THE POSTSCRIPT, Carrie Classon


The fact is, I am spoiled.

I never get sick. I’ve never spent a night in a hospital since I was born (and then, my mother stayed with me). I’ve never broken a bone. I’ve never had a major operation. I am absurdly healthy, and I can take no credit for any of this. So, naturally, when I get sick, I am insufferable.

It always starts in the same way. I get a sore throat. First, I ignore it. I have found this is the best way to deal with imminent disasters. When I used to drive old cars, I would turn up the radio when I heard an ominous noise. Loud music and deliberate ignorance can take you for many miles.

But then my throat gets worse. I feel my glands. They are a little swollen.

“But not enough to mean I’m sick!” I explain to myself. There has been a lot of pollen in the air. It is spring, after all. Or perhaps the air quality is poor. Or perhaps it is just dry, and I am not drinking enough water. I come up with a perfectly plausible list of reasons why I might have a sore throat other than the one I know is the truth.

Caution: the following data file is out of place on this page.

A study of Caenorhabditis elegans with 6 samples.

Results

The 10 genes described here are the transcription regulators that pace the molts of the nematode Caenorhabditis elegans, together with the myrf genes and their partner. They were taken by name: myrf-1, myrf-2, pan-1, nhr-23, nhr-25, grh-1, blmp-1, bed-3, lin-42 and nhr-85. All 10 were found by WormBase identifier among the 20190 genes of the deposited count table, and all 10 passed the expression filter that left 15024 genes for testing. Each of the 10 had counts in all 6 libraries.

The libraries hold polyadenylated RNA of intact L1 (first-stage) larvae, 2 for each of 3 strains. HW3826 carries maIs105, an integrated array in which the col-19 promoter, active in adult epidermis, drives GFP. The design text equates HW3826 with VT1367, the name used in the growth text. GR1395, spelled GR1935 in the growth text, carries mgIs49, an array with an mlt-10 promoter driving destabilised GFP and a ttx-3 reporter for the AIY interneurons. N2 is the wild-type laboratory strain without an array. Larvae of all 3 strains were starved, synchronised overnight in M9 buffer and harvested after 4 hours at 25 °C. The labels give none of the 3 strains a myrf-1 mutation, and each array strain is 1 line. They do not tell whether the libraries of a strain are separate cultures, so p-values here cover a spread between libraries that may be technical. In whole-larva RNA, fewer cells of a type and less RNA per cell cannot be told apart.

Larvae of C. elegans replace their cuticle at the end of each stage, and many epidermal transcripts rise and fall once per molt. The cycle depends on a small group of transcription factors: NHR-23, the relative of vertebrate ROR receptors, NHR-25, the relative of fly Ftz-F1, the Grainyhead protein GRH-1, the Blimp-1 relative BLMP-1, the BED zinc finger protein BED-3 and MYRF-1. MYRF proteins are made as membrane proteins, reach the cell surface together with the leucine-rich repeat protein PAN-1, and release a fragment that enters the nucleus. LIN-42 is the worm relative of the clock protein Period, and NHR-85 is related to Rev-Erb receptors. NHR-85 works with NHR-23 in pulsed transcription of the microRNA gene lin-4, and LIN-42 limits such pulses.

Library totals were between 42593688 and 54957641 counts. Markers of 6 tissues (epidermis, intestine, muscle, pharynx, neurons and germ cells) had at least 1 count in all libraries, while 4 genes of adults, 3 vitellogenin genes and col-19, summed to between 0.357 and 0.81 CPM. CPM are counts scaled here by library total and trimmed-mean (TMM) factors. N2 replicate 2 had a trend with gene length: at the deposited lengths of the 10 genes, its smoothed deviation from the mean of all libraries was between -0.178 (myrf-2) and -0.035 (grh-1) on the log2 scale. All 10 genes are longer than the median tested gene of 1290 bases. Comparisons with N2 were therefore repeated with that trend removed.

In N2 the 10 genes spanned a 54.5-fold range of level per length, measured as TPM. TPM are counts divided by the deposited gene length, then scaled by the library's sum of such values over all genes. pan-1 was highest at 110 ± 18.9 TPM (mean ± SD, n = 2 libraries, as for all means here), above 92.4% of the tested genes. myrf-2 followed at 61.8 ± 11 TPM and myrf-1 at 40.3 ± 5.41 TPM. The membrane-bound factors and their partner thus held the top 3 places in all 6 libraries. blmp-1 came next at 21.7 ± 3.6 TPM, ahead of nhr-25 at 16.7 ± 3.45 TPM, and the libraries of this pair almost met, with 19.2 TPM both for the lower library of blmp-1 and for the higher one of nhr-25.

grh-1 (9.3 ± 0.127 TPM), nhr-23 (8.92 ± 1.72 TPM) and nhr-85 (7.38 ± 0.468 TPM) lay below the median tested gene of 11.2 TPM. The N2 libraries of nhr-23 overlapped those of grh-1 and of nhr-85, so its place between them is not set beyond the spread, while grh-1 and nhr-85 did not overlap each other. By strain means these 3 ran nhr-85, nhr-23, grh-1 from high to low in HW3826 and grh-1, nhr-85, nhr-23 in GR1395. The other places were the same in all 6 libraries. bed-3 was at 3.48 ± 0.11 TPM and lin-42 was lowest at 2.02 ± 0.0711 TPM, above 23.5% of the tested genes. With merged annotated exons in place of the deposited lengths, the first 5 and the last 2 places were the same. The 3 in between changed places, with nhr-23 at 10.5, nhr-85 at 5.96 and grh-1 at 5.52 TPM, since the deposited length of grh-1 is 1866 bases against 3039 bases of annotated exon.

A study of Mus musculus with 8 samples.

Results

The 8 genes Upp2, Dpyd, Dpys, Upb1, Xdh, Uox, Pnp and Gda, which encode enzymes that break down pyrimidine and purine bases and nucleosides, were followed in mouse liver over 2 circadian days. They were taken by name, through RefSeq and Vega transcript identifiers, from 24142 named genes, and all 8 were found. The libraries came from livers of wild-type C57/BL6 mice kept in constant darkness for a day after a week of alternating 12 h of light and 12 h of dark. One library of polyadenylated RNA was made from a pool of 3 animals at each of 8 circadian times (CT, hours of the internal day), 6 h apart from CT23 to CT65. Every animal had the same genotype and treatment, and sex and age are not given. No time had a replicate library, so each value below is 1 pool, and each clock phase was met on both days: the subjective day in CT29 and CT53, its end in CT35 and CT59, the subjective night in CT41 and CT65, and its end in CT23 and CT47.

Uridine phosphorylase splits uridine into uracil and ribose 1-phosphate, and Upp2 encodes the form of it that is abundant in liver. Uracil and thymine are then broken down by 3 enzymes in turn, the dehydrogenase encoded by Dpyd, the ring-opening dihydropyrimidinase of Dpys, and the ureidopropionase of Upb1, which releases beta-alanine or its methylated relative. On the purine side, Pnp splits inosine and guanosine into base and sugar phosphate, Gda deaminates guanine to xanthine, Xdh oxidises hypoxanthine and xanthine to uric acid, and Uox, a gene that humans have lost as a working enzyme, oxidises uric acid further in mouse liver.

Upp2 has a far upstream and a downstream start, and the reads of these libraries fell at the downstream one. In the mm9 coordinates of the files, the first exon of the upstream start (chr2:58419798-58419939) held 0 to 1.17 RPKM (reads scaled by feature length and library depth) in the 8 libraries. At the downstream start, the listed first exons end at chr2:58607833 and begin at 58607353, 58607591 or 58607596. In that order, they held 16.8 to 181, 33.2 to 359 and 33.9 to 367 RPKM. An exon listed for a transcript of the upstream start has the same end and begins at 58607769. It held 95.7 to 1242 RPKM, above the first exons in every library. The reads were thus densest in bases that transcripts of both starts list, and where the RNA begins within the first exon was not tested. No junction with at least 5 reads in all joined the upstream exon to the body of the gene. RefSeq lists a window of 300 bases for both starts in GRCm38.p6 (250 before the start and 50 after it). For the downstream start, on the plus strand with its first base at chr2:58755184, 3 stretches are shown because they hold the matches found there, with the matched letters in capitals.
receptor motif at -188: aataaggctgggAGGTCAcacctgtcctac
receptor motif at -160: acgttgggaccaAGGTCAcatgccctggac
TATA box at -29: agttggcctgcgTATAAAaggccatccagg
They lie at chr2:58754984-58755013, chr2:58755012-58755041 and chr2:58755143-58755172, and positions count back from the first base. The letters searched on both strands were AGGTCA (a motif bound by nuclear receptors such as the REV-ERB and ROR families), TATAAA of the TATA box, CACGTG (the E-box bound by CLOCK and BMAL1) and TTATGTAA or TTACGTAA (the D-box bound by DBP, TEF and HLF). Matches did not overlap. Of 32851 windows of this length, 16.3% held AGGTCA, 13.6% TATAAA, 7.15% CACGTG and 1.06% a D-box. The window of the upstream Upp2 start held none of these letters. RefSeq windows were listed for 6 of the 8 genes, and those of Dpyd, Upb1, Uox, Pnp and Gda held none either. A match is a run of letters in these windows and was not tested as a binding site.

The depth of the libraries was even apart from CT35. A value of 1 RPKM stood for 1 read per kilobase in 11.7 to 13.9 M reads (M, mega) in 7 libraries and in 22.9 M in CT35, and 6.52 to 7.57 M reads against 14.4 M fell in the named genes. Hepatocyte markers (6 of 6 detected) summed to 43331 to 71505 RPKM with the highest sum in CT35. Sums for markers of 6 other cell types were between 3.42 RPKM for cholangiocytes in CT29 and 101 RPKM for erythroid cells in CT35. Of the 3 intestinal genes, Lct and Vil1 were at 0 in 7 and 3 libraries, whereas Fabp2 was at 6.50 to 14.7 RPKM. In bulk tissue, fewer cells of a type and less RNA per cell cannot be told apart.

I am getting sick.

“Well!” I tell myself (and I swear, I believe myself every time), “I will not get very sick. I just have a sore throat, and I will feel much better tomorrow.” I promise myself I will go to bed early. I get extra sleep. It does not help. By morning, my throat is still sore and now my nasal passages are filling, and my nose is running, and I know I have a fever — although I do not take my temperature because what good is that information going to do me?

But this will be a short cold, I insist. It will be a mild head cold and nothing more. I will not develop a cough. The fever will not get worse. I will not be using entire boxes of tissues to deal with my faucet of a nose.

None of this is true.

I always get a bad cough. I spend the night unable to sleep, hacking away, blowing my nose, keeping my poor husband, Peter, awake, and still somehow imagining that, by morning, I will be well.

I am not.

But I won’t lose my voice, at least. And then I do.

And I wonder why it is so hard to just admit I’m getting sick when I am. It would seem that by now, even though I am rarely ill, I have been sick often enough to know that I will be sick, and resign myself to it. I might buy some tissues with lotion in them, so my nose doesn’t get quite as red. I might stock up on cough syrup, so I don’t have to make a trip to the pharmacy feeling wretched. But I don’t do any of these things. I hope and try to believe that this time I will dodge the bullet.

“Is it possible to overdose on cough syrup?” I asked Peter last night.

“Probably not.”

So I swallowed a lot of cough syrup and I slept through the night and, this morning, I can say — honestly, this time — that I am feeling better. I have no voice at all, but I am still able to type, fortunately. My fever has subsided. I will be well soon enough.

And now that I am feeling better, I am completely convinced that I will never be sick again.